Cable Internet Question

ScretHate

[H]ard|Gawd

Thanks
 

Liger88

2[H]4U
 

Schro

Supreme [H]ardness
 

ScretHate

[H]ard|Gawd
 

FnordMan


You'll have to have a Comcast rep out to look at things. However: Splitters are generally death to cable modems, chances are rather good that you're going to have a clean line run to wherever you want the cable modem.
 

tonyyy

Limp Gawd

or just run it yourself
 

ScretHate


I'm looking at using the splitter linked below on the main cable line, and connect the cable modem to the output that is only -3.5dB.

http://www.amazon.com/Extreme-Unbal...565751&sr=8-2&keywords=3+way+coaxial+splitter

If the main line to the house is good, then this should work fine, right?
 
Last edited:

+Eric

Limp Gawd

Use RG6 and use the Antronix VRA900. Make certain you cap off unused ports with something like this. Make your runs as short as you can. I say buy quality RG6 with ends applied, buying some junky tool to try and do it yourself is a bad move unless you really understand what you're doing and have a good tool. Or worse, those damn screw on connectors.

Then have comcast come out and check your levels and install cable modem. If there are issues, you can be reasonably sure it's with the line coming into your house, or going to the pole. The comcast guy will probably help you with that and can surely tell you if the problem is inside or not. I don't like using those standard splitters because of the loss introduced when using them.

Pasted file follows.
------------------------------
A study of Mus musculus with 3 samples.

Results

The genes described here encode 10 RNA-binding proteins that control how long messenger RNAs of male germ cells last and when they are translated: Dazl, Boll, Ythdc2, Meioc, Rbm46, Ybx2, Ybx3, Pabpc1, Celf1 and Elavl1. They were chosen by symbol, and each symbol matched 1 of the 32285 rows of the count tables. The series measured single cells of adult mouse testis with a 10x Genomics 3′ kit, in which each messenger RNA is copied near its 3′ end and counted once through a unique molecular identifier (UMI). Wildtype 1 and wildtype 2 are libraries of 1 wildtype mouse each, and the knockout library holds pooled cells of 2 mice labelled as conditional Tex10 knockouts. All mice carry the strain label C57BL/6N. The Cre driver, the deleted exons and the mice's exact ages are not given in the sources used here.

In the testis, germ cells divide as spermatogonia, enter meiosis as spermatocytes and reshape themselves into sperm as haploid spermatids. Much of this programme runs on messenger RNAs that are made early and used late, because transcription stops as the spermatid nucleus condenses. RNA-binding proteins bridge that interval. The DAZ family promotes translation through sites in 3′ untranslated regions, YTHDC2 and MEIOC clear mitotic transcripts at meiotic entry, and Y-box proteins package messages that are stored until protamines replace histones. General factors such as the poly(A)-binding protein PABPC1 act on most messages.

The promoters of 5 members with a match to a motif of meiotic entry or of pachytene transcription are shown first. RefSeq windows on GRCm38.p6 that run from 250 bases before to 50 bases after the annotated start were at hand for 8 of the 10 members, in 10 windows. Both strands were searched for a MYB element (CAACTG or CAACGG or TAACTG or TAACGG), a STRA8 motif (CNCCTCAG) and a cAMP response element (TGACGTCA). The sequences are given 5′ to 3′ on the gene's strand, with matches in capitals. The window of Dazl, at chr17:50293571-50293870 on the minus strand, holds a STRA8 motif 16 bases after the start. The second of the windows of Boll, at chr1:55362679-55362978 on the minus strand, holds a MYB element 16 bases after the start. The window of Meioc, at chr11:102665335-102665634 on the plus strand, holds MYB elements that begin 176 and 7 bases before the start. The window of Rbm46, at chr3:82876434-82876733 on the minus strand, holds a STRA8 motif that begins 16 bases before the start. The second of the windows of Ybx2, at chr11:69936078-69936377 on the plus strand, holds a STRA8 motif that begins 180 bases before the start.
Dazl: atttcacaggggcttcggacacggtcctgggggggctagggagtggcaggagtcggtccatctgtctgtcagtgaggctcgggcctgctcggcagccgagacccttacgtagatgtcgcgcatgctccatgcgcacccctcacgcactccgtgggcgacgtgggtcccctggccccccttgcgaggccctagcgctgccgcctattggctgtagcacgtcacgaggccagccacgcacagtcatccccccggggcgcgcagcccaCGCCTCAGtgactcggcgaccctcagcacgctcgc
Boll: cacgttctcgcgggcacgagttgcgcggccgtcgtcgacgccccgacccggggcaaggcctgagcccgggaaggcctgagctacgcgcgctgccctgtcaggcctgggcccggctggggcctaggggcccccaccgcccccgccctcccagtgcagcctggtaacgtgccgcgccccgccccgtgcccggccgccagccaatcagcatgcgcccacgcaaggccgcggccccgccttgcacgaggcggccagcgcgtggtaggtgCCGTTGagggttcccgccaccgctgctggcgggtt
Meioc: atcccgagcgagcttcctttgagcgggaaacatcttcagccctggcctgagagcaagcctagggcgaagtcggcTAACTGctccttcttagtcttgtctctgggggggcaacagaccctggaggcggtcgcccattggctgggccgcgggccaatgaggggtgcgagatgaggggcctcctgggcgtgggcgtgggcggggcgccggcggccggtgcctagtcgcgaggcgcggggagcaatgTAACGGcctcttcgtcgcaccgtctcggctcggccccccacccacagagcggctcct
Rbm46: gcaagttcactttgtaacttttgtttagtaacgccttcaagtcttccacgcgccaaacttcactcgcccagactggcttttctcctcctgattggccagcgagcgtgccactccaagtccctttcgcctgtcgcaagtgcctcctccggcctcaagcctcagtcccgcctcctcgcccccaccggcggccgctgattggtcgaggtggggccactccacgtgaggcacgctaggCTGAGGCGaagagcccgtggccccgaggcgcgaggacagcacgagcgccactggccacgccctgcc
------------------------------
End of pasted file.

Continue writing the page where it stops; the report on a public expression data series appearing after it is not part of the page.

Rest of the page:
If you really wanna get crafty and there is power near your splitter (which is ideal since it's a powered splitter), you can put the cable modem right by it and run ethernet to your router wherever it is in the house. That way you can run a short rg6 cable (3ft or something) from the splitter to the modem.
 

yuzuki

Messages
 

+Eric

Limp Gawd

I have no signal problems running my cable modem and the rest the house on the one splitter.
 

yuzuki

n00b
Messages
29
Fair enough, I did not see the powered amp has no loss. Honestly never used a amp on the modem side, only catv side.